Thursday, March 4, 2021

High textbook costs & the US Supreme Court


The Court heard arguments in the case known as Kirtsaeng v. John Wiley & Sons last October and decided in favor of Kirtsaeng this week. Supap Kirtsaeng is a Thai national who attended Cornell and the University of Southern California. Family and friends back in Thailand purchased copies of textbooks used in US universities and shipped them to him in the US. He resold them at a profit, following his entrepreneurial instincts.

One major publisher of US textbooks, John Wiley & Sons, said this business activity took control away from the copyright owner, and even a rightful owner of a copy of a copyrighted work must get permission before he or she can transport the book to a new geographical location, such as into the US. A US district court agreed, saying that the right to control the location of a copy of a book like this was reserved to the copyright owner under US Copyright law. The US Court of Appeals for the Second Circuit upheld the district court’s ruling, which led Mr Kirtsaeng to appeal to the Supreme Court.

Mr Kirtsaeng’s point of view

Plaintiff argued that the books he bought were manufactured legally in a foreign country and he purchased them legally. He therefore has control of a certain number of copies of a copyrighted work. He should be able to give them away or sell them as he wants.

Let’s use a different example to illustrate the “copy of a copyrighted work” point. Say I own a Mexican restaurant where I want to sell bottles of Mexican Coke. This is only made in Mexico, and it has to be imported into the US, clearing the border patrol, and then to my restaurant. As long as I purchase it legally in Mexico, I can sell it at a profit at my restaurant. During oral arguments, justices used the example of a GPS in a Toyota, but the same principle applies: both the Mexican Coke and Toyota’s GPS are copyrighted works, and legally purchasing a copy of those works should take away rights of the copyright owner to control the location of the copy I bought.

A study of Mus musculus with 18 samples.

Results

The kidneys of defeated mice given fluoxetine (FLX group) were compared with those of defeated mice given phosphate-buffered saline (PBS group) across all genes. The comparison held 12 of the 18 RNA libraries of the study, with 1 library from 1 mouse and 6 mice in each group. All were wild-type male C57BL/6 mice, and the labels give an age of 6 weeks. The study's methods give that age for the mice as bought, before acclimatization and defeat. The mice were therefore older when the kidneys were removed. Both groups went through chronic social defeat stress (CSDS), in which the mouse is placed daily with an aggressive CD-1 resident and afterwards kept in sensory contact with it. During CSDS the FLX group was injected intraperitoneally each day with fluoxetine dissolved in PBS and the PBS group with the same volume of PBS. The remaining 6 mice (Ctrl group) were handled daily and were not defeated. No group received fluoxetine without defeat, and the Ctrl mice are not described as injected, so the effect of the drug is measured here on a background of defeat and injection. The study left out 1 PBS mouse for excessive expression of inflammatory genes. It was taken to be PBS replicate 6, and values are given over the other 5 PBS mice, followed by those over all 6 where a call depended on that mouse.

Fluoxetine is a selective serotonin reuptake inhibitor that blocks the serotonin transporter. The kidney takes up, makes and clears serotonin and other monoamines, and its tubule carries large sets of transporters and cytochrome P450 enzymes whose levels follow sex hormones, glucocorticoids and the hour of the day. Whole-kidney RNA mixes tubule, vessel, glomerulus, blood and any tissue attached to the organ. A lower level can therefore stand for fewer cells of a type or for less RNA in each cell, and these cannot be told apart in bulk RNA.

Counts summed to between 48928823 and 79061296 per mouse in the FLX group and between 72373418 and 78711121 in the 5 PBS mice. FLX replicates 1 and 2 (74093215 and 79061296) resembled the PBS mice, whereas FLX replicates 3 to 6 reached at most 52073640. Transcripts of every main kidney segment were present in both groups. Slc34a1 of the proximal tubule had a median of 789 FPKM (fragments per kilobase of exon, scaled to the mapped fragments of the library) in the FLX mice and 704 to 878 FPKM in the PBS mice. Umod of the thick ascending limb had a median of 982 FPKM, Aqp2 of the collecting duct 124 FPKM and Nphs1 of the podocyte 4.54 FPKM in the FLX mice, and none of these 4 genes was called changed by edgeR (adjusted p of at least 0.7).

US libraries, which can often purchase books from foreign distributors, supported Mr Kirtsaeng, since their ability to purchase books from foreign sources at cheaper prices will continue with the Court’s favorable ruling for Mr Kirtsaeng.

The publishing company’s point of view

Responding to market pressures, publishers usually sell textbooks at American universities at substantially higher prices than they do at, say, a bookstore in a developing country. The purpose of this has often been said to be distributing intellectual property in developing countries at prices they can afford.

Publishers also routinely run presses in foreign countries and authorize books to be printed there and both sold there and imported into the US for resale here at a profit. By importing books on his own, without the permission of or payment to copyright owners, Mr Kirtsaeng is restricting trade. He is also driving up the price of textbooks in developing countries, since publishers will want to discourage this practice, thereby making it more difficult for people or libraries in those countries to buy the books.

Furthermore, since publishers may take steps to curb this business practice, libraries in the US and other mass purchasers of books may see a decrease in their ability to purchase books at discounted prices.

The Supreme Court’s resolution

The decision came down to a technicality in the language of US Copyright law, which is enormously complex. Basically, the Supreme Court ruled that once a copy is purchased legally, the copyright owner can no longer control the geographical location of that single copy of the work. In other words, the publisher cannot stop the legal owner of a copy of a copyrighted work from moving it anywhere around the world he or she may want to move it.

Paul Katulahttps://news.schoolsdo.org
Paul Katula is the executive editor of the Voxitatis Research Foundation, which publishes this blog. For more information, see the About page.